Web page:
No Mass Graves Found During Official Inspection of Gutar Pyin, Government Says

By Moe Myint 3 February 2018

YANGON – No mass graves were found in Gutar Pyin village of Buthidaung Township in northern Rakhine State during an inspection of the area on Friday by officials and Muslim community leaders, the government’s Information Committee said.

On Feb. 1, The Associated Press published an article stating that mass graves had been found in Gutar Pyin. The report was based on video footage provided by Rohingya refugees now living in a refugee camp in Bangladesh. The AP said it had interviewed at least two dozen refugees.

The following day, the Union government ordered the Rakhine State government to investigate the claims. It immediately established a 17-member team comprising border police officers, township administrative officials, a deputy superintendent of Buthidaung Hospital, immigration officials, township police and legal officials, fire service department members and five community leaders.

While it stopped short of issuing a blanket denial of the existence of mass graves, the Information Committee said in a statement that the team had inspected locations identified in the AP report but found nothing. The community leaders and local residents said there had been no mass killings, but reported that heavy clashes had erupted between government security forces and the Arakan Rohingya Salvation Army (ARSA) militants in Gutar Pyin on Aug. 28.

Military offensives in the area have driven out at least 650,000 Rohingya since late last year in an operation the United Nations has described as a “textbook example of ethnic cleansing”. The Bangladesh and Myanmar governments agreed in January to start voluntary refugee repatriation but that has been delayed until Friday.

According to the government’s statement, 19 ARSA militants were killed in fighting after about 500 militants attacked security officials with firearms, knives, slingshots, and darts. Officials buried the bodies of the dead militants systematically and opened a criminal case under counter-terrorism Article 50 (i) at Nyaung Chaung police station. The statement did not elaborate on whether security forces buried the ARSA casualties in the Gutar Pyin graveyard or in other locations.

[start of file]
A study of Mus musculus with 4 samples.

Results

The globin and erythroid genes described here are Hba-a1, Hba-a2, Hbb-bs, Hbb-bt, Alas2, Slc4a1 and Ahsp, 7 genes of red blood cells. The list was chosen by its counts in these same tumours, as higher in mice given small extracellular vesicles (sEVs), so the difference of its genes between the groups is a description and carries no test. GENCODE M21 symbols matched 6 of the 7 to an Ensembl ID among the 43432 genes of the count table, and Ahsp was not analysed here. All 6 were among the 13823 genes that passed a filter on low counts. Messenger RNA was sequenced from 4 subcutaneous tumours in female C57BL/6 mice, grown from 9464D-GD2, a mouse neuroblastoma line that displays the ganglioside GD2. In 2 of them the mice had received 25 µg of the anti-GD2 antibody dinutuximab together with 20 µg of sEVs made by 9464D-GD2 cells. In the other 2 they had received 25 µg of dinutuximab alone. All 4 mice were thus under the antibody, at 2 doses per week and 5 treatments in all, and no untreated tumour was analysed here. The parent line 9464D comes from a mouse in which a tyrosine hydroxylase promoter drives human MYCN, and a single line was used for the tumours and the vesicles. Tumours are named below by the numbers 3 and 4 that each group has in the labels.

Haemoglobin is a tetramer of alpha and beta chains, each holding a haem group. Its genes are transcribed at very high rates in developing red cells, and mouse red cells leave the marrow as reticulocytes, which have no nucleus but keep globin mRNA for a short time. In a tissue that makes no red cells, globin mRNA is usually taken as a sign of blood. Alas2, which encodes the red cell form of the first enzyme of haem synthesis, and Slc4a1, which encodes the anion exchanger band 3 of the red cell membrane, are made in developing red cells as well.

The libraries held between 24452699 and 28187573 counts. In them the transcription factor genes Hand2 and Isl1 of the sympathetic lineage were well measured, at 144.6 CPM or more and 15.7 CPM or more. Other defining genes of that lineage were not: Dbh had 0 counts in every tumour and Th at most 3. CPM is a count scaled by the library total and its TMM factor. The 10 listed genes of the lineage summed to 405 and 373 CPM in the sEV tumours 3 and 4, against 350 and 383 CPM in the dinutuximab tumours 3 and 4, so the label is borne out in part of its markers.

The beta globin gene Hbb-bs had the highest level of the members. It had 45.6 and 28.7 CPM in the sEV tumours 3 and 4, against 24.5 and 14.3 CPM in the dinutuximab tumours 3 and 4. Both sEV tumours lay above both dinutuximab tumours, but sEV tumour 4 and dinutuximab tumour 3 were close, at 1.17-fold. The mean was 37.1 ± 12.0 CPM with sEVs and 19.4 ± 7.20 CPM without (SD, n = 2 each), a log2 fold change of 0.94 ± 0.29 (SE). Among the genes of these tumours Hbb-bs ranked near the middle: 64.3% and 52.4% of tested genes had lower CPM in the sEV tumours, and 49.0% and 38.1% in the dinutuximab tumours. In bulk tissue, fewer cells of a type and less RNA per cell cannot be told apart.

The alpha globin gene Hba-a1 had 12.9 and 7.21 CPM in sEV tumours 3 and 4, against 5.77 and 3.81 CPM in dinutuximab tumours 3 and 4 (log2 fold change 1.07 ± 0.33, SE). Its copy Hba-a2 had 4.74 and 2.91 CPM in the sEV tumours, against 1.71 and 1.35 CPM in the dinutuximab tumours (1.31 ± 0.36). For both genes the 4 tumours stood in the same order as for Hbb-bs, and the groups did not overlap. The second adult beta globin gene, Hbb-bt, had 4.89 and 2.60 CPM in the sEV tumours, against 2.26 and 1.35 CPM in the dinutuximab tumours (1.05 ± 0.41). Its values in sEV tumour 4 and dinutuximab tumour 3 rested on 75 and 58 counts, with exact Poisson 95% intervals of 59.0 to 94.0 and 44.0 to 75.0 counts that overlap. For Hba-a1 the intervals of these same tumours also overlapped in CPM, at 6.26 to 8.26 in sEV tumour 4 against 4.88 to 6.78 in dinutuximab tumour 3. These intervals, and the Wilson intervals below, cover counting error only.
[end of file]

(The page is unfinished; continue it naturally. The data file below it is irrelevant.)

The press released stated that the government was not necessarily denying the allegations and would investigate further if reliable new information comes to light. If any rights violations were found to have occurred, action would be taken against the perpetrators in line with existing laws, it said.

However, Rakhine State government secretary U Tin Maung Swe insisted that “Muslim community leaders say there was no mass killing in Gutar Pyin village as has been reported by media outlets. It’s all based on groundless information.”
The state secretary accused the AP of deliberately publishing a report based on hearsay and rumors in order to pressure Myanmar into allowing an international fact-finding mission in northern Rakhine’s Maungdaw district.

He said seven Muslim men from Gutar Pyin village assisted government officials in Friday’s inspection.

No journalists from independent media were invited to join Friday’s trip, though employees of state-owned newspapers and a member of the Press Council participated.

At least one local resident said he had heard stories similar to those reported by AP, however. Muslim civil servant U Tun Thar (name changed to protect his safety), who lives in Buthidaung Township, said Gutar Pyin village is located a 15-minute drive from the downtown area. Approximately 3,000 people lived there before government security forces launched clearance operations against ARSA after it ambushed police border outposts in Maungdaw district in late 2017.

Locals described Gutar Pyin as a tract comprising three villages — Muslim, Daingnet and Arakanese — but said the vast majority of the population had been Muslim. However, the Muslim part of the village had since been reduced to ashes while the two Arakanese villages remain intact following the security forces’ operations, he said.

According to U Thun Thar, one-third of Gutar Pyin’s former Muslim population has been sheltering in neighboring villages or with relatives in Buthidaung Region, while the rest fled to Bangladesh by boat. He said he had also heard about several burial sites having been found in Gutar Pyin village recently but Muslim residents had not been able to produce the actual bodies as they were not allowed to enter the area, which is restricted. Residents speculate that around 400 Muslims were butchered at Gutar Pyin.

“No one [among the Muslim population] dares to visit the burned villages; only the Rakhine residents, because only the two Rakhine villages are left,” he said.

Rakhine government secretary U Tin Maung Swe acknowledged that the village was previously dominated by Muslims, adding that some are currently still living in the village. Asked about claims of arson, he said some parts of Gutar Pyin village were set alight by ARSA militants. He declined to provide specific information about the remaining Muslim homes in Gutar Pyin.